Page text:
There have been seasons, Dave Pishkur admits, when his biggest tasks as Andrean coach were making sure he delivered the lineup card to home plate and had his right arm loose to wave home all the runners coming around third base.
This wasn't one of them.
"We had no pitchers returning and only really three everyday position players," Pishkur said. "On paper, we didn't think it would be a team that would do a lot of damage. Halfway through the season, I didn't think we were very good. Three-quarters of the way, we were getting better, but I was like, nah, there's no way we can make a run at this, we're going to exit (the tournament) quick and still be in 3A."
In 36 years coaching his alma mater, Pishkur has never been happier to be wrong. The 59ers defeated Jasper in the Class 3A state championship last Friday, Andrean's fifth title in the sport.
"It's by far the most surprising of the five," Pishkur said. "It wasn't a team where we could say we hung our hat on one hitter or one pitcher. I try to figure out why it happened and I can't pinpoint it. More than anything, it was the job Joe (Plesac) did with the pitching staff, making them better. Some teams just know how to win."
As do some coaches. Pishkur's 895th victory also secured him his seventh Times Coach of the Year honor.
"The big difference this year is we didn't start off, for Andrean standards, as good as we should have been," shortstop Nick Podkul said. "We weren't going to go out and hit 10 home runs or steal 20 bases. We had to do the little things right. Coach Pishkur had a huge role in our success. He and the staff put in so much time and effort. He surrounds us with all the tools to be successful. He's definitely one of the best I've ever had and probably in the whole region."
Podkul knows a little something about coaching. His late father Frank was a three-time Times Coach of the Year in softball, known as much for his personal touch as well as his game management. His son sees some of the same qualities in Pishkur.
"He knows what to find in his team, what to bring out to make them be the most successful they can be," Podkul said. "That's what he did with us. He gets to know his team really well, each person, on an individual basis. He knows exactly what to say or not say. He definitely isn't afraid to speak his mind, but if you need someone to be there for you, whatever it's for, he's always there for you, to help you through whatever."
When Andrean reached the post-season, Pishkur didn't place a burden of winning on his team. Podkul said he simply urged them to give him another week to practice with them. In the end, it was practicing as long as anybody once again, getting assists from Purdue Calumet and Lake Central last week when Andrean's field couldn't be used due to rain.
"It was fun trying to build a team, to mix and match, to try to be playing our best at the end of the year," Pishkur said. "What it came down to was we had three catchers and they all needed to be in the lineup. It started turning into our best defensive lineup and possibly our best offensive lineup. Then our pitching staff was all about competition. Either you shy away from it or you thrive and get better. They didn't run away from it."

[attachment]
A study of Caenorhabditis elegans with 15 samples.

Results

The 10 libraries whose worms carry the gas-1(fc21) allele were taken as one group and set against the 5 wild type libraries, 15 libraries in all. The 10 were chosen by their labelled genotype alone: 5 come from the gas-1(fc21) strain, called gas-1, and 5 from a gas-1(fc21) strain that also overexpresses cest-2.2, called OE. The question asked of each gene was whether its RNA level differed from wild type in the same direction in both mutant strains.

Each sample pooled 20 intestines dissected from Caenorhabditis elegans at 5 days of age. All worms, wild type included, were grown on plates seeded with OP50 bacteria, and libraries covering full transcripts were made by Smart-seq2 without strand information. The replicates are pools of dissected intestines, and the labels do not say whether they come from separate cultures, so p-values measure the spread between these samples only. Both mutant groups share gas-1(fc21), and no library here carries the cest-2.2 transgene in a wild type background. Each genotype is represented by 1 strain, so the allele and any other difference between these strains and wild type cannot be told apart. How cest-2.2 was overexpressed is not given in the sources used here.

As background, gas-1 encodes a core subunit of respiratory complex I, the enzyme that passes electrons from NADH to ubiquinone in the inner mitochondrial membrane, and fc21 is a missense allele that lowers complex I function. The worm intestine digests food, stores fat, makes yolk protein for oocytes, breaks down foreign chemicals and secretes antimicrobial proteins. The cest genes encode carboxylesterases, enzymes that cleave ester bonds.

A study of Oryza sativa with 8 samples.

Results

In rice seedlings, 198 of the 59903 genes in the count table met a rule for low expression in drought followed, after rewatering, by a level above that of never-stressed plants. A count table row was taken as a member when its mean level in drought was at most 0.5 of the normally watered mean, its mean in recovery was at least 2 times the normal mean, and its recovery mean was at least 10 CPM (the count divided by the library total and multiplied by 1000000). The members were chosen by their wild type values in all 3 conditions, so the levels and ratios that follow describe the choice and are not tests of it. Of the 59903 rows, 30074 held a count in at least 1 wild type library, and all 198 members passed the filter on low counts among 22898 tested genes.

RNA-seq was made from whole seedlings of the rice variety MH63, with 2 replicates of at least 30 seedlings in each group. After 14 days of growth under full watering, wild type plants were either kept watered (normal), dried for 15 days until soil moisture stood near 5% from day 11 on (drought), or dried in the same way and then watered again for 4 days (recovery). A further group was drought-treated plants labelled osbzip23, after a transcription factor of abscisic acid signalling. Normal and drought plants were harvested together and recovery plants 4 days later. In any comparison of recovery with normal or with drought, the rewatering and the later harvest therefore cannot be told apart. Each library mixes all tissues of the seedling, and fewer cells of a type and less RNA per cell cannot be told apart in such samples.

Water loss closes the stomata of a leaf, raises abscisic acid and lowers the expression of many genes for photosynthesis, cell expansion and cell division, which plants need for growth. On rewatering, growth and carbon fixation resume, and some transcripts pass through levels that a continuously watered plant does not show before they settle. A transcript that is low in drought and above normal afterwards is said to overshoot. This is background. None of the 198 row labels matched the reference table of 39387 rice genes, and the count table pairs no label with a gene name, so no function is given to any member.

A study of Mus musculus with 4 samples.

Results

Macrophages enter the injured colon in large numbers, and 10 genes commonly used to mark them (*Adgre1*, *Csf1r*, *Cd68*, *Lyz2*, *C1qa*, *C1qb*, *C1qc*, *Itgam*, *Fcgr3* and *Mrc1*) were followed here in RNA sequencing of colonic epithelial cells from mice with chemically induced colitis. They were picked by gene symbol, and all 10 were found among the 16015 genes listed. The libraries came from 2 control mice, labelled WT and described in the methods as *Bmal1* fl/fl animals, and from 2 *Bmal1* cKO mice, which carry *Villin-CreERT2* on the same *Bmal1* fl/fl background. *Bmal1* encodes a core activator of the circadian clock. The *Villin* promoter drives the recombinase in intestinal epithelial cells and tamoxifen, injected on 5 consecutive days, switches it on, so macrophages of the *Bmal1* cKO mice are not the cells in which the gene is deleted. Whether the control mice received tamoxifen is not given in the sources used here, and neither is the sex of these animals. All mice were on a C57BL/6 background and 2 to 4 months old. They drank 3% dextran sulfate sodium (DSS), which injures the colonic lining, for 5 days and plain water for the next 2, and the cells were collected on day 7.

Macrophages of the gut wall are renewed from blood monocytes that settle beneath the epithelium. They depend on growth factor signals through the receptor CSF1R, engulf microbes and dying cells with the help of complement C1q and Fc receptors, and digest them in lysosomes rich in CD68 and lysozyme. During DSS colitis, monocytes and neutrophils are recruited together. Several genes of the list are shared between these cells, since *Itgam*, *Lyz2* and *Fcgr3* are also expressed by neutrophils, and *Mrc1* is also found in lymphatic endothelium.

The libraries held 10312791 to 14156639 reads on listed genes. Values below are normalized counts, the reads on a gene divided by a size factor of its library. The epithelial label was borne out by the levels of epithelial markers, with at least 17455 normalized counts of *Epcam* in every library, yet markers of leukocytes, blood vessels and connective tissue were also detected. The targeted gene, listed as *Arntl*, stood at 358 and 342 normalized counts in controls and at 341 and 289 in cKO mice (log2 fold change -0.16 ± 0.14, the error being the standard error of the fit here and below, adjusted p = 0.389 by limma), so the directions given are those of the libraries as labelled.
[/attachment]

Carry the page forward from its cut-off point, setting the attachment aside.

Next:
At 62, Pishkur hasn't lost any of that spirit to sustain excellence. He stands 115 wins behind LaPorte's Ken Schreiber, whose 1,010 victories rank first among Indiana coaches. Pishkur isn't in it to chase history, but will likely wind up making more anyway.
"It's cool being with the young guys because they keep your thoughts young," he said. "With the exception of some forgotten names on a regular basis, my brain's still somewhat functional. I'm not looking at the end of the tunnel, how many more years. I'm more like, let's do one year at a time. Why leave? (Chesterton coach) Jack Campbell's what? 71?"
Over the course of a 30-6 season, Andrean defeated three teams -- 4A state champ Penn, Heritage and Jasper -- with pitchers committed to IU. Its final reward? A move up to 4A.
"As we started making our run, it was, let's go, let's win this, let's go to 4A and see how we can compete, knowing what's coming back," Pishkur said. "We're a program that likes challenges. Our kids like challenges. And there aren't any bigger than that. Carmel will only have, what, 4,400 more (students) than us? It's not to say we'll do a darn thing in 4A, but it'll be fun."
Success in the biggest class would provide the ultimate validation of Pishkur's success. Not that he or Andrean need it.
"It would be icing on the cake," he said. "We've got our doubters out there. Oh, it's 3A. We beat Brownsburg in '05. In '09, on paper, we were the best team. In '10, anybody would've had a hard time beating that pitching staff. Last year, we were the best in the state. This year, were we the best? Jasper was No. 1 and had the highest national ranking in the state. We validated it by beating a lot of good teams."